A couple of weeks ago, I posted about “The Sleeper Awakes.” At some point in that book, Graham (the protagonist) compares his situation to that described by Bellamy; and earlier in the book, when he is sound asleep and has only been asleep for a few decades at most, we see his friends talking about the same thing. Curious as I was upon reading that name I chose to google it.
(I don’t quite remember exactly what I googled but it was probably something like “Bellamy Socialist Utopia Sleeper.”) I found out that there was a book by an Edward Bellamy called “Looking Backward: 2000 to 1887” in which a man sleeps for somewhere slightly above a century and, you guessed it, wakes up in a world vastly different from the one he slept in. I downloaded that book right away and made a mental note to read it after finishing “The Sleeper Awakes.”
A few hours ago, I finished reading “Looking Backward” and I thought I might as well write about it and throw in a few words about the similarities and differences between the two books. There are SPOILERS AHEAD so proceed at your own risk. …
I know it’s kind of a weird title. I will promptly explain it. Have you ever been in one of those situations where you went ahead and did something without thinking twice only to later regret doing it and spend the next few days brooding over different ways to deal with all possible undesirable consequences of that course of action?
We often see situations like these in movies. I considered adding examples here from Harry Potter or The Flash or Infinity War but then I decided against it because I didn’t want to post any potential spoilers and because not everyone would be familiar with those scenes. Instead let me use a very general example: Something goes wrong and the protagonist(s) considers possible courses of action to take. In short, they form a plan that sounds completely nuts but they decide to do it anyway because it’s “the only way.” And all that while you’re just sitting there hoping that they’d see things your way because ot you there’s clearly another and better way but they can’t seem to think of it. Anyways, they go ahead and execute their plan only to screw up further and get themselves into a situation much worse than before and then the cycle starts again (or maybe not.)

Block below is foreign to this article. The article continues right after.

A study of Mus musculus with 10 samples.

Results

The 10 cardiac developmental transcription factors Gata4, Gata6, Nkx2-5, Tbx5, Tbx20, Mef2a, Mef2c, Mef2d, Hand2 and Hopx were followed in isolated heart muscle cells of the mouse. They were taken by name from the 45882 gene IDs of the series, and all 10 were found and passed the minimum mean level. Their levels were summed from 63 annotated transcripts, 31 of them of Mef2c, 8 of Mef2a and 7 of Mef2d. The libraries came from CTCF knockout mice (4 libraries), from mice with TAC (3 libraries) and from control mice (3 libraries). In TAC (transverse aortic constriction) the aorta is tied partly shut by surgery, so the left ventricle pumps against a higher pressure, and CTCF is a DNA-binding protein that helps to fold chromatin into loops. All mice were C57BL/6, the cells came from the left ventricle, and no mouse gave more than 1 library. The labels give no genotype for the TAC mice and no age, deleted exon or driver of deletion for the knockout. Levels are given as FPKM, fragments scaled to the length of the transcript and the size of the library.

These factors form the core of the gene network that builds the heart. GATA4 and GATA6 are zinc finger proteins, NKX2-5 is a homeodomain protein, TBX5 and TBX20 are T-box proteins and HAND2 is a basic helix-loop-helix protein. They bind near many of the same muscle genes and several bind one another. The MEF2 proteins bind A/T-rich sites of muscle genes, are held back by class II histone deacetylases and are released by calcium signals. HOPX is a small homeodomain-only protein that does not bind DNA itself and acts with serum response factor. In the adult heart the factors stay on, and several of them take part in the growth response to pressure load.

Now that I am done typing that stupid example, I realize that it’s too general to be of any use. So let me use the example of time travel. Let’s say you have a regret. Years pass and you cannot get over it. Say you gain access to a time machine. You go back in time to fix it only to realize that you created a new world that’s equally undesirable. You try to figure out the point in time where this new world of yours went haywire and try to fix that. Again you screw shit up. Eventually you realized that you’ve messed it up to the point where it cannot be fixed. (There are actually movies about exactly this.)
Have you ever met someone and gotten to know them really well only to end up wishing you’d never met them in the first place and thinking about how your life would have been so much better if you hadn’t? Or maybe you’ve at some point said something that you immediately wanted to take back and so you keep on thinking about different ways to explain yourself should someone bring it up again and you can’t help fearing that someone would hold it against you. But anything you say to cover it up could only make matters worse.
In short, what I mean to say is that things always get worse with time. The more the time passes the greater the number of things in your life that went wrong, the more secrets you have and the more people there are that know your secrets, the greater the number of people in your life that you watch out for e.t.c. and every lame attempt to fix any of it only creates more problems. Life only gets messier and messier and there’s no way to clean up that mess.